Running from the police ain’t a crime when you ain’t arrested

Only recently my colleague discussed the case of a man who fled from police who wanted to speak with him about dinner.

He was charged with resisting the police in their execution of their duty — making life difficult by not hanging around to be investigated. The Magistrates’ Court dismissed the charge in Hemingway v Hamilton [2011] VMC 10.

The DPP appealed the decision, and last Friday the Supreme Court upheld the Magistrates’ Court decision, in DPP v Hamilton [2011] VSC 598.

Despite some of the media reporting at the time, the case is not a green light for people to run from the police. Kaye J was very careful to identify the narrow scope of the judgment.

[3] At the outset, it is important to note what this appeal is, and is not, about. In particular, this is not a case in which, at any material time, the police either had arrested the respondent, or were in the course of arresting him. Nor, on the facts of this case, was there evidence that the respondent was fleeing from the police, having been informed that the police intended, or were attempting, to arrest him. Further, it was accepted, on appeal, that this is not a case in which the respondent, as a suspect, had refused to provide his name and address in response to a request by a member of the police force, pursuant to s 456AA of the Crimes Act 1958. Rather, on this appeal, the issue which must be determined is whether, on the particular facts of this case as set out in the evidence which was led before the Magistrate, the police had the power to require the respondent, as a suspect, to stop and speak to them, notwithstanding that the police were not then in the course of arresting him. The resolution of that issue is critical to the question whether, at the relevant time, the police were acting “in the execution” of their duties for the purposes of s 52(1) of the [Summary Offences] Act.

After reading the facts, it’s probably no great surprise to hear the outcome, and there’s not a huge amount of new law in the judgment. But it does remove any doubt about the purpose of Crimes Act 1958 Part III, Division 1, Subdivision 30A — the part often referred to in short-hand as “464“.

The DPP argued that because Andrew Hamilton was in custody as defined in s 464(1)(c), he was obliged to remain with the police when they wanted to speak with him.

The provision provides:

(1) For the purposes of this subdivision (that is, subdivision 30A) a person is in custody if he or she is —

(c) in the company of an investigating official and is—

(i) being questioned; or

(ii) to be questioned; or

(iii) otherwise being investigated—

to determine his or her involvement (if any) in the commission of an offence if there is sufficient information in the possession of the investigating official to justify the arrest of that person in respect of that offence.

But Kaye J confirmed the conventional understanding of that provision: its purpose is to provide the same rights and protections to suspects who aren’t actually under arrest as for those who are arrested.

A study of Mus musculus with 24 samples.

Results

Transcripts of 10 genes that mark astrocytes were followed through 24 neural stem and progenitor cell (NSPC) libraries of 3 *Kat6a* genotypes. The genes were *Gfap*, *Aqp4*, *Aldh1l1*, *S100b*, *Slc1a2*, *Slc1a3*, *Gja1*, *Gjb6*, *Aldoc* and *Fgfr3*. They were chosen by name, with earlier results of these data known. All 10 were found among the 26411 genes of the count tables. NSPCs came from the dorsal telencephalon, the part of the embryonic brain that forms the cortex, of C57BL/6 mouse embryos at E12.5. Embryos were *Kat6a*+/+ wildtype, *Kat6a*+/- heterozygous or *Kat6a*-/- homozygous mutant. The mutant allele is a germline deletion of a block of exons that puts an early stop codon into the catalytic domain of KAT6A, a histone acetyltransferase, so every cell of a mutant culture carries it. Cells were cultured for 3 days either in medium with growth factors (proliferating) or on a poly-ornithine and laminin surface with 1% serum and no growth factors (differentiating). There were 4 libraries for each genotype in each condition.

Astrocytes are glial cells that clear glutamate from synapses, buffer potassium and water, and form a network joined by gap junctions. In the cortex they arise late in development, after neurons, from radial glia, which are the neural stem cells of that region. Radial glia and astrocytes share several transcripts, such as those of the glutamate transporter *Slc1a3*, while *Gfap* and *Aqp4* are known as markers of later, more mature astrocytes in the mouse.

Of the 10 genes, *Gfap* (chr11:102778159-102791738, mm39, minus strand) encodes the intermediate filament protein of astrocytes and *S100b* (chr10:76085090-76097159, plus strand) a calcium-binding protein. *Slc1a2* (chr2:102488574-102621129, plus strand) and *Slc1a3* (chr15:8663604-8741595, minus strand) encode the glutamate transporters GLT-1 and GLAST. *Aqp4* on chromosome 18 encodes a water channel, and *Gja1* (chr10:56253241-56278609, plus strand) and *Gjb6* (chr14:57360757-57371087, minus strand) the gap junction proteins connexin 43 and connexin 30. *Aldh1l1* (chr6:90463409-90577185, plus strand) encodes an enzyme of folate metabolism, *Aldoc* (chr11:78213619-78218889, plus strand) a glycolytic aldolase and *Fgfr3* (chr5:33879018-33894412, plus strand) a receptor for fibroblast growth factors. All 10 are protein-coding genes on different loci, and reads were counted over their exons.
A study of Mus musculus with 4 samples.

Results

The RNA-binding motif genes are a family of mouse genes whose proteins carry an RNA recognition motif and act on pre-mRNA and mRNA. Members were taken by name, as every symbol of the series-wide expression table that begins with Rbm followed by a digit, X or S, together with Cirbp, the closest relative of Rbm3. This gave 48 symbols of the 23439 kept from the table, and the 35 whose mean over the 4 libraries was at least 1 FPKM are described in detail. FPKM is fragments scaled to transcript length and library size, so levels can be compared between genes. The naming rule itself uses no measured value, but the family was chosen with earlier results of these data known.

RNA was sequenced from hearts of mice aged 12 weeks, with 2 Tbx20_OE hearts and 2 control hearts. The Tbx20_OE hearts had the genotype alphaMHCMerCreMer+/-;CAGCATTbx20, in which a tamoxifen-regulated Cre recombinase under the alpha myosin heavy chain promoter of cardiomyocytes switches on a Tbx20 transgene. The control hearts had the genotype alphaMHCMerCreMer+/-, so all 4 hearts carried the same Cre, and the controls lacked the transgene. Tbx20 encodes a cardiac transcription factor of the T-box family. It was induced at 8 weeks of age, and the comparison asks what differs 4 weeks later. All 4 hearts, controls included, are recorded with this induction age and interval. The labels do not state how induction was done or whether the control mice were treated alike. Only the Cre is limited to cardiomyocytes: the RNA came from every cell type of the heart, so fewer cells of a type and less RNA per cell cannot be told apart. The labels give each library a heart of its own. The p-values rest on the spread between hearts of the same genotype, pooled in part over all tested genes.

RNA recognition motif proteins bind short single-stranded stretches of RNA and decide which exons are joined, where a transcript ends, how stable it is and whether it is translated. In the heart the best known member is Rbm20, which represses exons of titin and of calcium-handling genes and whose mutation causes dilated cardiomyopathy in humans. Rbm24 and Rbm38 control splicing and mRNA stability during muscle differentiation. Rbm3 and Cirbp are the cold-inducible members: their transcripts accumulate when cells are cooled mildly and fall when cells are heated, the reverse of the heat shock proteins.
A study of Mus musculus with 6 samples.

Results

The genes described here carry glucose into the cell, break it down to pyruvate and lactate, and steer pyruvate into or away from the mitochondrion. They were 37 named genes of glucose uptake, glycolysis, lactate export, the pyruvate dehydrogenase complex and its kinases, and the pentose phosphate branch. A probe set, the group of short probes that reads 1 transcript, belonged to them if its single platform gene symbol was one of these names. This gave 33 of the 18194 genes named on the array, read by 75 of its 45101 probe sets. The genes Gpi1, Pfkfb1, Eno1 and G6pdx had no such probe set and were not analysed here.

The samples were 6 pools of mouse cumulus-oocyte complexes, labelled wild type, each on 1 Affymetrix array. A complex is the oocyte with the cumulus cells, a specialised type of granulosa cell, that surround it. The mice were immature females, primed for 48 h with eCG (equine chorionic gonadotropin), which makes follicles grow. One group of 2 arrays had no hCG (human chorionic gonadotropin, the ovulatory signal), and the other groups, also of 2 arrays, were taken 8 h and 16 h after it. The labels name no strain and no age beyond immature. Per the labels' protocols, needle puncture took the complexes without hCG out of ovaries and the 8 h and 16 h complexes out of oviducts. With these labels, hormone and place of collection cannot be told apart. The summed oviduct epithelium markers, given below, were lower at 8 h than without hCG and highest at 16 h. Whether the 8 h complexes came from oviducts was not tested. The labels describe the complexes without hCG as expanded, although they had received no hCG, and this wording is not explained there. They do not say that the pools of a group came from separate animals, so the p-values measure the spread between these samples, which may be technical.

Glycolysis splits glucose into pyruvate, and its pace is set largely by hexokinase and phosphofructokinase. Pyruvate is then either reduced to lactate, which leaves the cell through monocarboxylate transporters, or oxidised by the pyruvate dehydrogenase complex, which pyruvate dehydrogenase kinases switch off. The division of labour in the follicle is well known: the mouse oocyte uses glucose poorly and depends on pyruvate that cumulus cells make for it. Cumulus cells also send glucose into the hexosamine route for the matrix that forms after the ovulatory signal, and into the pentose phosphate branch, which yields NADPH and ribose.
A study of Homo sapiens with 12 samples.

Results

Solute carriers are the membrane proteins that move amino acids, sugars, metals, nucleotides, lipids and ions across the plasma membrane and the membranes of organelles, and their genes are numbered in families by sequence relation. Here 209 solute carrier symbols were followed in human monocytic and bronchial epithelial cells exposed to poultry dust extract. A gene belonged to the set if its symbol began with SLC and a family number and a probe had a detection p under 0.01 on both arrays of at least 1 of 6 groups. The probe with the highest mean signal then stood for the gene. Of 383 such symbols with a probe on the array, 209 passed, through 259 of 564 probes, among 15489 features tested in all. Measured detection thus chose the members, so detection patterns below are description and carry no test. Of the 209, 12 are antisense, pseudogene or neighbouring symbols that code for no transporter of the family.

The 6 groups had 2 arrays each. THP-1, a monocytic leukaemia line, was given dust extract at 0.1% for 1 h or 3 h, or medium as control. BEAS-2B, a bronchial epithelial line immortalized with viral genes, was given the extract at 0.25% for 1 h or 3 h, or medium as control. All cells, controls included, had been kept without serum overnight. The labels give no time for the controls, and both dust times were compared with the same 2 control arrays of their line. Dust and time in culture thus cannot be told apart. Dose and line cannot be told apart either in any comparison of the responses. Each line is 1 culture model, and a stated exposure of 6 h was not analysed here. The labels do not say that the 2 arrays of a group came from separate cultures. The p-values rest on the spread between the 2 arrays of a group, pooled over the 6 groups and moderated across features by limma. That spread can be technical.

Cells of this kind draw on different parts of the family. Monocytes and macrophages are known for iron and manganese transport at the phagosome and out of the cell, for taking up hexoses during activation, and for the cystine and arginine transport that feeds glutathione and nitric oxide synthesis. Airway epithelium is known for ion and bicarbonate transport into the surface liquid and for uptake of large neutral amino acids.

[37] Rather, in my view, the correct construction of the provisions of Division 30A is that contended for by Mr Carter. It is clear that the intention of the subdivision was to ensure that suspects, who are undergoing questioning by a police officer, have the same rights and protections as those which are provided, by the subdivision, to suspects who are under lawful arrest. Subdivision 30A constitutes a scheme or code, stipulating a number of basic protections, which are to be assured to a suspect, who is being questioned, whether that suspect is under arrest or not. In particular, subdivision 30A provides, in respect of any suspect who is undergoing questioning by police (whether under arrest or not): that that person be informed of his or her right to remain silent (s 464A(3)); that that person be informed, before questioning, that he or she may communicate with a friend, relative and legal practitioner (s 464C); that such person (where necessary) have an interpreter (s 464D); that if such a person is under the age of 18 years, the questioning not be carried out unless a parent or guardian, or other independent person, is available, and the suspect has been permitted to communicate with that person (s 464E); that, if the person in custody is not a citizen or permanent resident, that person be informed that he or she may communicate or attempt to communicate with the consular office of the country of which the person is a citizen (s 464F); that a recording be made of the giving to the person of the information required by the provisions to which I have just referred (s 464G); and that, where practicable, any confession or admission made by such person be recorded (s 464H). None of those provisions give rise to an implication, let alone a necessary implication, that the police have a right to detain a person, in custody, for questioning, without arresting that person. Rather, it is clear, from the structure of subdivision 30A, that that set of provisions is designed to extend the basic protections, stipulated by subdivision 30A, to persons who are being questioned, notwithstanding that they are not under arrest.